Worcester Girl Scouts Build Robots at Quinsigamond Community College
Tuesday, February 04, 2014
The eleven- and twelve year-old girls followed the Girl Scout policy of “Girls Leading Girls” with QCC’s Coordinator of the Computer Systems Engineering Technology Program, Professor Betty Lauer. Lauer led a discussion on STEM and engineering careers, STEM programming at QCC, and specific robotics engineering, as well as guiding the troops through multiple steps of the robot building process.
The scouts were enthusiastic about the opportunity. “This is really fun,” they said, comparing the robotics technology to “extreme Legos.”
A grant from Intel (also a supporter of QCC's Summer Technology Academy for girls) and Robotics Education and Competition Foundation (RECF) provided $1,000 robotics education kits to each troop. The finished robots will be finished this Saturday, February 8 and will be used in an organized Robotics Scrimmage at QCC on with over 80 teams scheduled to participate.
QCC has enjoyed great success building a pipeline of students interested in STEM by providing opportunities for K-12 Worcester public school students to participate in robotics technology programs. This latest workshop was directed at exclusively at girls in order to build awareness of the many rewarding and lucrative opportunities available to women in STEM fields.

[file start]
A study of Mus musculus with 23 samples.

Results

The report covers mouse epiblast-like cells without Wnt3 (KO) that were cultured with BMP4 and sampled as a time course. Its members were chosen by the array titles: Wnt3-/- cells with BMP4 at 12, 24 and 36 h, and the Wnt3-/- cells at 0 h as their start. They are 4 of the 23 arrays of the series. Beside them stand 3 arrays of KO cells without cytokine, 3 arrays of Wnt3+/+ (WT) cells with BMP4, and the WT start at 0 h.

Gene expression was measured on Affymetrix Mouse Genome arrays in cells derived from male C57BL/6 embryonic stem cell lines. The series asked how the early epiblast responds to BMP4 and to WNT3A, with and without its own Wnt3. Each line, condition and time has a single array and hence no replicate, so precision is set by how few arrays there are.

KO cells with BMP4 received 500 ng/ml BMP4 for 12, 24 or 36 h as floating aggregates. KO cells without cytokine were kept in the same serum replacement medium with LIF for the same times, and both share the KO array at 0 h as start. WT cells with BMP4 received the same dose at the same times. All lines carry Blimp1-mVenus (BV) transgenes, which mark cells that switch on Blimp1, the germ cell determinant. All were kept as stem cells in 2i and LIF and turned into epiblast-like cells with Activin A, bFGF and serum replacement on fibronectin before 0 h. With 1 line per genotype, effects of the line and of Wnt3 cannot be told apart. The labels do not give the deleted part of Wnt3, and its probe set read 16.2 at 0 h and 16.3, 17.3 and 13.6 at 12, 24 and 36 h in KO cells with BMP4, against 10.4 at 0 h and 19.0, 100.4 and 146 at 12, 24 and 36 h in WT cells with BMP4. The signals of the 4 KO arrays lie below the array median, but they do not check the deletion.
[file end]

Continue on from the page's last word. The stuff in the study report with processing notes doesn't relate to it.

QCC’s Robotics program, pioneered and facilitated by Professor Lauer, is currently in its 11th year and is one of the largest robotics consortiums in the United States. Students in the program gain expertise in robotics at an advanced level and many who participate as high school students have become very successful QCC students, later transferring to notable 4-year colleges and universities. While at QCC, they are able to participate in college-level competitive robotics and have also gone on to compete in the college division of the VEX World Championship Competition. (2013’s World Champion High School Team from Worcester Technical High School was advised by Professor Lauer.)
Related Slideshow: AP Opportunities at Worcester’s High Schools
According to ProPublica, studies have shown that students who take advanced classes have increased chances of attending and finishing college. However, with the number of advanced placement (AP) courses offered at Worcester's public high schools varying significantly, not every student is given the same chance. The slides, below, show the Worcester public high schools whose students have the most and least AP opportunities to help them get into - and graduate from - college.
The below data were collected from the Civil Rights Data Set, released by the U.S. Department of Education Office of Civil Right, and refers to the 2009-10 school year. The data were analyzed by ProPublica.